When is an Adagio not an Adagio?


Ludmilla


 

Is it mainstream and accepted nowadays that what years ago (when i briefly studied ballet as a teen) was a lilting, paced, slow, controlled expression has become a sort of "race to the finish" feeling?

 

What used to be paced 1.................2.................3..................4................... is now 1..2..3..4.. and what I consider at a "fair clip"....... not "lento" or "adagio" (if i am using the musical terms correctly.)

 

Not only do i miss the more measured, studied pace that draws out a move -- a developee stretches out over the count 1....................... What we now have is 1.. it doesn't feel "right" to me for an adagio. By that, i mean it doesn't literally feel right - on both a muscular level as well as a musical level!!

 

The feeling of order and harmony I had found customary at the end of a class for instance, going through it as a sort of epic journey........... seems missing now. Different teachers are different -- I can fully accept, and welcome that!! It is why studying with various teachers is so interesting and rewarding!

 

I will not mention this to this teacher at all! I do not want to change her or anything about the way she teaches! I am simply commenting and wonder what others here at BT think -- I'd especially wonder what teachers - and Miss Leigh, if you might possibly have interest in this topic, I wonder what you would say..........? :nixweiss::ermm:

 

When the pace of an adagio combination is what seems to be too fast (to really "qualify" as an adagio at least in my opinion) -- and i say that as a somewhat beginning student, not as any authority, then i notice that this teacher's other combinations all seem to have a similar brisk pace so that by the end of class i feel as though I've run a sort of marathon of a more homogenous, singular-paced collection of similar combinations -- somewhat of a "workout", more than the muscular feeling i had been used to at the end of a ballet class of having been on a beautiful journey encountering valleys, mountains, dales, lilting brooks, little hills, open, expansive meadows, mysterious caves and then brilliant sunlight ................nuances in other words..............

 

That is, without a distinct (slow) adagio, then a pirouette combination, after that a distinct unique, perhaps 'perky' petit allegro.....then grand allegro ...... each combination a separate and unique tempo, expression, character, personality and category, the feeling i have at the end of the class is quite different. This method may be more modern or more 'upper level' or something than what may be a more "old fashioned" (or "traditional"/"classical") class structure? But again one of the beautiful aspects of ballet is it traditions........ This teacher has the credentials there is no disputing that. She has a Ballanchine connection and is very justifiably proud of that and deserving of much respect including due to her background.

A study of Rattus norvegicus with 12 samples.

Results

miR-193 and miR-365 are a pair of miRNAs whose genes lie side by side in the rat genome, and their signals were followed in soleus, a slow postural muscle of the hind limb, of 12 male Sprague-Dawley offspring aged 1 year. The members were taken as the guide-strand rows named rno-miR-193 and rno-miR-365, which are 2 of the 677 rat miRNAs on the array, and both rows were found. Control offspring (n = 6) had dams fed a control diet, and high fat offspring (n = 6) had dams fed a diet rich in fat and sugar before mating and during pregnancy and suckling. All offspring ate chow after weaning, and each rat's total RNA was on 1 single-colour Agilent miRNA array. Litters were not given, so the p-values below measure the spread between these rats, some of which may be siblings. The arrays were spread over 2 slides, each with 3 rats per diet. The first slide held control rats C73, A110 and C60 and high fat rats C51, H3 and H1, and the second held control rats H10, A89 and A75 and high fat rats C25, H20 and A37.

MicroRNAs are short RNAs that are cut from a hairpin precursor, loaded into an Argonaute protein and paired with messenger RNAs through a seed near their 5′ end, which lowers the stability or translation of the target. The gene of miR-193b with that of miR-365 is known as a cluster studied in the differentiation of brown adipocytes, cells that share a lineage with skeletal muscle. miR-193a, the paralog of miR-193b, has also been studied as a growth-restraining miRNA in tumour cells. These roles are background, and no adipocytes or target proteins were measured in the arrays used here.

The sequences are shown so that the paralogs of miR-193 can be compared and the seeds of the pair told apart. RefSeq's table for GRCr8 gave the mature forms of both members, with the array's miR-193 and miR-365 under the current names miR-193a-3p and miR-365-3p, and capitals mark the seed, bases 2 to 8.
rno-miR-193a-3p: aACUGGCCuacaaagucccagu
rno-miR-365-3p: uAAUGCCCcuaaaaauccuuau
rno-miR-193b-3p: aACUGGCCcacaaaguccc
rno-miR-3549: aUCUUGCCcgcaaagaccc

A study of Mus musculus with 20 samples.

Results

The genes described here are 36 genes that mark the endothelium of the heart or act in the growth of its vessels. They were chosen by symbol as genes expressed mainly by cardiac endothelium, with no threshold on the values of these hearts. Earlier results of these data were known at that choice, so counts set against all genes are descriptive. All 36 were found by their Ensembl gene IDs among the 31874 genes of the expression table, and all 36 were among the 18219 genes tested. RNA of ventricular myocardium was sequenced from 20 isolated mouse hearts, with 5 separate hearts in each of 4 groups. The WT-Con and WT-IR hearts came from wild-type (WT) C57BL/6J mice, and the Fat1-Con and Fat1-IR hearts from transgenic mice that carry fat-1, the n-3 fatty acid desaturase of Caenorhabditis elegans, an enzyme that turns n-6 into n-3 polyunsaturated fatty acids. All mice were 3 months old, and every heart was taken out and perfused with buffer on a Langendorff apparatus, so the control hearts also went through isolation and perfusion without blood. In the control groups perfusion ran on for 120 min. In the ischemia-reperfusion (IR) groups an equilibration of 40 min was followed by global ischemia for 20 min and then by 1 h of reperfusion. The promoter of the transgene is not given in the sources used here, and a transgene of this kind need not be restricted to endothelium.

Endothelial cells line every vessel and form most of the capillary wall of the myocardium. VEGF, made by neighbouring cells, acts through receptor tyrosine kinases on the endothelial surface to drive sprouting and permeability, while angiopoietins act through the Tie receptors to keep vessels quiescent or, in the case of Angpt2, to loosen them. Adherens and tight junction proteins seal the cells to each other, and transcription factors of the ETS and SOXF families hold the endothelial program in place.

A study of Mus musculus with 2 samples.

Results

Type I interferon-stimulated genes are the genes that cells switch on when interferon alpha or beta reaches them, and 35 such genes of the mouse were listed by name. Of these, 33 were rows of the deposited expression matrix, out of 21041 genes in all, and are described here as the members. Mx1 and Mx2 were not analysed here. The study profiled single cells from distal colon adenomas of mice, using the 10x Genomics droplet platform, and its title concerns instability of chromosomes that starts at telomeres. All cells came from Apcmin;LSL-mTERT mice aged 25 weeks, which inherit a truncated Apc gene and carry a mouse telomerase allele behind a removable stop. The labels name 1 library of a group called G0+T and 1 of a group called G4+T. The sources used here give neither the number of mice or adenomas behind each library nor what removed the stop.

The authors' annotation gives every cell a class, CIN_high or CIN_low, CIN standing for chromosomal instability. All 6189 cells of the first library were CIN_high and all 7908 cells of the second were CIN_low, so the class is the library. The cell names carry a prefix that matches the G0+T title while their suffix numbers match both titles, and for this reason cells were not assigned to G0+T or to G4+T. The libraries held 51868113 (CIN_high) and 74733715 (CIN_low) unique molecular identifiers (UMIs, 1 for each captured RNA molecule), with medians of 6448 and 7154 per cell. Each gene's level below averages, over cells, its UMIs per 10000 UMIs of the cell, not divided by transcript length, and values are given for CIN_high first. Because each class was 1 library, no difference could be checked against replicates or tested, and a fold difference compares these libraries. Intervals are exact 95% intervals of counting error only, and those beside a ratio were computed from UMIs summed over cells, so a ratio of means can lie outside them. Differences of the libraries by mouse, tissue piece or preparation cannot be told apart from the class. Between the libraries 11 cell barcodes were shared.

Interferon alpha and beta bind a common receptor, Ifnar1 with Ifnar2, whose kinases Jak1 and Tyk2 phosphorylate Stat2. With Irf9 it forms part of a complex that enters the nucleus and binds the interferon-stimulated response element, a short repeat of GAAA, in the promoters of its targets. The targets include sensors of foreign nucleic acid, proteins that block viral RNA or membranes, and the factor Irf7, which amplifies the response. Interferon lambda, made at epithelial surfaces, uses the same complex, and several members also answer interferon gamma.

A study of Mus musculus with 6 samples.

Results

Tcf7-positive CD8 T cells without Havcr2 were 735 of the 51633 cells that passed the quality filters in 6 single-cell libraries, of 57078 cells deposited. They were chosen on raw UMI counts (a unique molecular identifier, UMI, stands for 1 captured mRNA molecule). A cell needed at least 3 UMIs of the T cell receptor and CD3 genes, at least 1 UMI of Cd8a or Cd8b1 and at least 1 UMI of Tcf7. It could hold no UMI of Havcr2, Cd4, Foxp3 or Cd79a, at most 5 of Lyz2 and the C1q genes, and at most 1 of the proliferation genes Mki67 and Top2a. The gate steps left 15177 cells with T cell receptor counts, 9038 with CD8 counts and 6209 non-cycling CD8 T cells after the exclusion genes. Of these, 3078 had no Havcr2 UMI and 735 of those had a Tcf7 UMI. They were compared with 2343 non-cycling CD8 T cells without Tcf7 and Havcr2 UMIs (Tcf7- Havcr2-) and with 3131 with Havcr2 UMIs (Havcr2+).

I may not fully grasp or fully appreciate, a more "Ballanchine-oriented" way of structuring a class....? But I do miss a more distinct variety in tempi that combinations have seemed to have "traditionally" in class (with other teachers) - from adagio on the slow end of the spectrum to a fast petit allegro at the other...........

 

Thoughts?? :nixweiss: --- Thank you!! :)



 

Yes, all of her adult classes are like this. (She teaches children, too -- i don't know how those classes are.) I'm glad to hear your view! I agree that being with a major company doesn't make one a good teacher - I'll consider that it's her personal taste as to tempo and just accept that. (I'm not saying that i will like it, however.)

 

(The rest of her choreography (for class combinations) I find highly stylized as well.) I had not encountered such a different approach before. Thank you for your comments.


 

On the rare occasions when I watch one of dd's classes (once or twice each year), I often do the combinations in my head, or at least try to remember them. I have noticed that, with at least one particular teacher, you often get your leg up on the one, and then hold it. There is no slow "get your leg up there" in 2 or more counts. Musically, it feels like they use different accents. And I do also feel as if the tempo is generally faster.

Still, I also notice that everything seems faster. So while the adagio is a bit faster than I had grown accustomed to, the petite allegro moves at a break neck speed! Definitely perky and definitely a stretch. Dd has begged me to come take one of her former teacher's open classes. If I finally agree, it will be quite a challenge though dd insists the open classes are not quite as fast and as complex as her upper level classes were at that school.


 

The speed is a challenge and I suppose it is good to push oneself to try to become more accustomed to it if possible. Have fun with the class your dd will get you to take....... :)


 

I like to feel like I've had a work out at the end of a class, but I want to feel like I danced it. Not like I did aerobics :-) So yeah, a teacher who is all about the fast wouldn't appeal to me either.